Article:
Entrepreneurs, Opinions Posted Oct 17, 2016 by chenpr
Last week I recalled advice given to me by an early mentor who told me, “In this business talent is nice, but reliability is what matters.”
I pass by an example of “reliability is what matters” nearly every day on my way home that seemed worth sharing.
Gary sells the Spare Change News on the corner of Congress and Hanover Streets in Boston. Spare Change is a paper founded, produced and sold by Boston’s homeless community and the contents are largely devoted to news and social issues relevant to that constituency. The paper comes out every two weeks and costs $2. Vendors buy a supply of papers for a certain price and keep the difference on each issue they sell.
On evenings when I’m not working too late, I pass Gary on my walk to North Station. It was about a year ago when I took note that, except in the most inclement of conditions, Gary would be on his corner greeting pedestrians and barking out his pitch. Gary proved to be a reliable, genial presence on his corner and one day I bought a paper from him to read on my way home. Gary’s smile and optimistic personality demonstrated his appreciation more than his earnest “thank you sir.” When the next edition came out, I bought it and thereafter, whenever I passed Gary on the days between he’d recognize me and we’d exchange pleasantries.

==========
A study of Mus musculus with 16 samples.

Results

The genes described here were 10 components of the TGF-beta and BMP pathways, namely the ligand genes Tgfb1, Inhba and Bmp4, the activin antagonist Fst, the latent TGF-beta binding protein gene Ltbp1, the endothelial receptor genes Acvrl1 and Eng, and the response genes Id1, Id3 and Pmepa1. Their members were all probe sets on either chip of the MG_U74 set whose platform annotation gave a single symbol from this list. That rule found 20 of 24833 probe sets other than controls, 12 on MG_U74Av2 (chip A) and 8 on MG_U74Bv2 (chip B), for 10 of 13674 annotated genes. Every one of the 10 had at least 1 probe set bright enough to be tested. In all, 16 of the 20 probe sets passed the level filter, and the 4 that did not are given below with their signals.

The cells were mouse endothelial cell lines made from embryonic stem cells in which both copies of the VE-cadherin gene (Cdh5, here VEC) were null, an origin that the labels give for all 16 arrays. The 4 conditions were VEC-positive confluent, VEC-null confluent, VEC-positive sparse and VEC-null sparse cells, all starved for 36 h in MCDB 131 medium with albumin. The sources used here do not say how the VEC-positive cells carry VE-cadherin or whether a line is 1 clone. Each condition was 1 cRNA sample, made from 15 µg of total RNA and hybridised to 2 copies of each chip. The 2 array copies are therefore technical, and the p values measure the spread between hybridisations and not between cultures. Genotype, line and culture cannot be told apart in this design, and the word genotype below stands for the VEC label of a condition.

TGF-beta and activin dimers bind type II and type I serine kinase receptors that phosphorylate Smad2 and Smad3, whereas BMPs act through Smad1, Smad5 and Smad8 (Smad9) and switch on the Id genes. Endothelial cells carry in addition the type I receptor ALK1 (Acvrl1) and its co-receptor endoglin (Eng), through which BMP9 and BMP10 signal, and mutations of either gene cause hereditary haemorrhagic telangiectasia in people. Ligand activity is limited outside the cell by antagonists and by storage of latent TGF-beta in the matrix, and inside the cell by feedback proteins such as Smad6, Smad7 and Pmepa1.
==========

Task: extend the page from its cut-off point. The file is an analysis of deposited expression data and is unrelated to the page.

When it appeared Gary wasn’t too busy, I’d stop and talk about things. Any time you linger for very long with Gary it’s clear he’s well-liked by many people who are regulars along that route. He is constantly selling papers, shaking hands and greeting others.
Last week I stopped to talk and Gary conveyed to me that earlier in the day one of his regular customers had done something that touched him. His morning hadn’t started out well but an act of kindness from this particular man lifted his spirits and he was excited to share the experience. During our conversation he wondered why someone would be so kind and my thoughts immediately went to that advice.
“Gary, you’re an important part of people’s day,” I offered, suggesting that for the people who have gotten to know him, he’s a reliably positive presence. There have been many times, I told him, that his greeting has given me a boost and he shouldn’t be surprised when others return the favor.
He stopped to think about that for a moment and said, “Maybe you’re right.”
If you live or work in Boston and are a regular on public transportation, chances are you pass a Spare Change News vendor along the way. Do yourself a favor and take note of the person hawking the paper. If you recognize him as a regular, reliable presence along your route, grab a couple bucks out of your wallet and buy a copy the next time you see him.